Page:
Define "Mediation" in Seven Words, Anyone?

The irrepresible Michael Leathes is a collector of quotes.  Little does he know that one of the early walks I had with him produced a quote of his own that I have always kept pinned on the corkboard of my mind: “It costs no more to think big than to think small.”

In a characteristically provocative and entertaining article, “Stop Shoveling Smoke!“, Leathes challenges our tolerance of vagueness in defining our own field.  Why, he asks, is there no broadly accepted definition of the term “mediation”?  Oddly for one so deeply steeped in cross-cultural subtleties, Leathes firmly believes not only that there is a universally applicable definition of “mediation,” but that it can be defined in seven words:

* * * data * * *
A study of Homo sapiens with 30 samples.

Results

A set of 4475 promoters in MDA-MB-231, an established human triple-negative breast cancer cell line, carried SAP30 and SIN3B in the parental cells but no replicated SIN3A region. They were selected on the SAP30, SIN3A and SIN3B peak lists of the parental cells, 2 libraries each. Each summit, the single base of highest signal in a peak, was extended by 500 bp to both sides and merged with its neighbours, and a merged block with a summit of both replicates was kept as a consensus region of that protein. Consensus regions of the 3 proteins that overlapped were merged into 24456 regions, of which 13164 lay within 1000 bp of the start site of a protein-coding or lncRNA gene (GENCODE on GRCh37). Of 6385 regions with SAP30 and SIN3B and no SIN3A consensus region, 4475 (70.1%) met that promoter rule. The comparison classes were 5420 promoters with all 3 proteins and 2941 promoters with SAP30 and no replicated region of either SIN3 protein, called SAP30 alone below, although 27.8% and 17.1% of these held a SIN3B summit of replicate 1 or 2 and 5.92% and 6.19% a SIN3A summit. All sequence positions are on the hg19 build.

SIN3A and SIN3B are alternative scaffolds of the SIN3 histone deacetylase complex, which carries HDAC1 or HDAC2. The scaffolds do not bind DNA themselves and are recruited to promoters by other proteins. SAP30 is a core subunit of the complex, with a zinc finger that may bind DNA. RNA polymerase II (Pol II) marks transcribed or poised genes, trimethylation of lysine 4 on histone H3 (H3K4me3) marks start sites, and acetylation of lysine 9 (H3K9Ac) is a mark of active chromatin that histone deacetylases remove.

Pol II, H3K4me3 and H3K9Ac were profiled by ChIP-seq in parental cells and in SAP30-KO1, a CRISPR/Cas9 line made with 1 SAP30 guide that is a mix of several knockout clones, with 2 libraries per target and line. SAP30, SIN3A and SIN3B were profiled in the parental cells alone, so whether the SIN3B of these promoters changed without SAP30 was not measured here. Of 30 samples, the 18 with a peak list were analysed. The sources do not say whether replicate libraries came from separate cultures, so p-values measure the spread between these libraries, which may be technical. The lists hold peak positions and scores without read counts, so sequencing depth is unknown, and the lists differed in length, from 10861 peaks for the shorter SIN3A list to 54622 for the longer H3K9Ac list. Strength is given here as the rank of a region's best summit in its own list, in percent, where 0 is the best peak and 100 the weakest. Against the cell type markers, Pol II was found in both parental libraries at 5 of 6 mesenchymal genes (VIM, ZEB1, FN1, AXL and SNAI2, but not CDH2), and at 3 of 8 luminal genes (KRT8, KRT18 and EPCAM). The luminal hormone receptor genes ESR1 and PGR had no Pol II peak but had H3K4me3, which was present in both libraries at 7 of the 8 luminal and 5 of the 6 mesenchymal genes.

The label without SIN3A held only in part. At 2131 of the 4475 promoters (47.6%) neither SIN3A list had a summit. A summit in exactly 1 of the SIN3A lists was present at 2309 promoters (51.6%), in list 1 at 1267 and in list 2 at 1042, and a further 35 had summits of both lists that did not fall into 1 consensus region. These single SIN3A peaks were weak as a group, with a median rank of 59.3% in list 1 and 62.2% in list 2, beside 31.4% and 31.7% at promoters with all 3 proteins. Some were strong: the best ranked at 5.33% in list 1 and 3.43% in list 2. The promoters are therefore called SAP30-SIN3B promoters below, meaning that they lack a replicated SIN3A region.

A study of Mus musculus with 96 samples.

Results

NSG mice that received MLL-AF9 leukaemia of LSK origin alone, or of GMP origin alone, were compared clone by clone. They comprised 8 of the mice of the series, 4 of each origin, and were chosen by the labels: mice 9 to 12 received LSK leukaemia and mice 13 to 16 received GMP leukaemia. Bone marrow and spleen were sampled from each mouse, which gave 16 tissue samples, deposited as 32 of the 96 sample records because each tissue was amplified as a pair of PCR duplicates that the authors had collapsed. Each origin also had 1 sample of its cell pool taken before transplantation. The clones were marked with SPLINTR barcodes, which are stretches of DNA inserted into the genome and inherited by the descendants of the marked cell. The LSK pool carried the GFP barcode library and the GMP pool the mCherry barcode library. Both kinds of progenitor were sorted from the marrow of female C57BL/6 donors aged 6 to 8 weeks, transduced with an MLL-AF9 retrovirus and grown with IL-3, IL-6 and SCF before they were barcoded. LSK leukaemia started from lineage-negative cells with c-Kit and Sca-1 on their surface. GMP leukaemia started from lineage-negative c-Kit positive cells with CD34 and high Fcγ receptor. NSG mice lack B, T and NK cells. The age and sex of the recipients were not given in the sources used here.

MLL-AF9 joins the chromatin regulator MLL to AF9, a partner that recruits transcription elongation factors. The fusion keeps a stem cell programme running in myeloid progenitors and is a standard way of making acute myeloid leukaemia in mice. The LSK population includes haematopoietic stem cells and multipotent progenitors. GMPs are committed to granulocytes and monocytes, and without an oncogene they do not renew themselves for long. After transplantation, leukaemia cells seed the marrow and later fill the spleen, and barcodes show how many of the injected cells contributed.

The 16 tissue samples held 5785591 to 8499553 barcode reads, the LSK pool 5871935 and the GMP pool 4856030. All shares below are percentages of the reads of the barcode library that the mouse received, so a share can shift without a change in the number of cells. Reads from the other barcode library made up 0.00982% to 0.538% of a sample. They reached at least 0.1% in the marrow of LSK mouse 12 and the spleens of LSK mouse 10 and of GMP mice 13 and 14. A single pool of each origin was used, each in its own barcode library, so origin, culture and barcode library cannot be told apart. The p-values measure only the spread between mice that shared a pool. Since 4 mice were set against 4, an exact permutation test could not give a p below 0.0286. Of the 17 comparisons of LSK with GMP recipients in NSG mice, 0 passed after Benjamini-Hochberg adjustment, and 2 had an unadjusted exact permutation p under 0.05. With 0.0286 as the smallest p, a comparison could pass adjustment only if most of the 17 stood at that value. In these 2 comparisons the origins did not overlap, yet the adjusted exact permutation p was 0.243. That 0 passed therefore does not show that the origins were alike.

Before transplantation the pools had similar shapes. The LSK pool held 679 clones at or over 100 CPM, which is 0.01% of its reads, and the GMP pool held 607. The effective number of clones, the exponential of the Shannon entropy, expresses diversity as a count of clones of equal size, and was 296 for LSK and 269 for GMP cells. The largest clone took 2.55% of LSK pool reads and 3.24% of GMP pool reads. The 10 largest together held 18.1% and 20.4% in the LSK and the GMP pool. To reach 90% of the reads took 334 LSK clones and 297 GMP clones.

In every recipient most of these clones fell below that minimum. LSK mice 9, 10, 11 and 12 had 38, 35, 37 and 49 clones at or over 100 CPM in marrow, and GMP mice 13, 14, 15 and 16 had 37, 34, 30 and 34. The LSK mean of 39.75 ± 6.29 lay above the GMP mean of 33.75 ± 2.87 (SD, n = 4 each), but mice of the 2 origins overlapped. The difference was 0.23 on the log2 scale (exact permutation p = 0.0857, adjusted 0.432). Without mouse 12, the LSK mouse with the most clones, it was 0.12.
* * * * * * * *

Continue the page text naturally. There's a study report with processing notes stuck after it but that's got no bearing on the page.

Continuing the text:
“Consensus facilitated by a trusted neutral person.”

Lots of good concepts there, though the “by” and the “a” seem to take up a bit of space.  In the comments section of Mediate.Com, where the article is posted, some folks note that it really is the facilitation of  “negotiation” rather than “consensus,” while others question if it is mediation even when consensus is not achieved.

But I put it to my loyal readers:  A cross-culturally acceptable and intellectually rigorous definition of mediation, seven words or less.  Anyone?  Anyone?

  1. I can do it in two words: facilitated negotiation.

    But that doesn’t quite capture it, because there is usually more that has to take place before the negotiation.

    So maybe four words are necessary: facilitated exchange and negotiation.

    The definition you list above is too narrow, because if you define negotiation to include a consensus, you are leaving out a lot of mediations that don’t result in consensus.

    But perhaps a more complete definition, that might have to exceed 7 words, would be: “an exchange of views and information facilitated by a trusted neutral, that aims to negotiate resolution of a conflict.”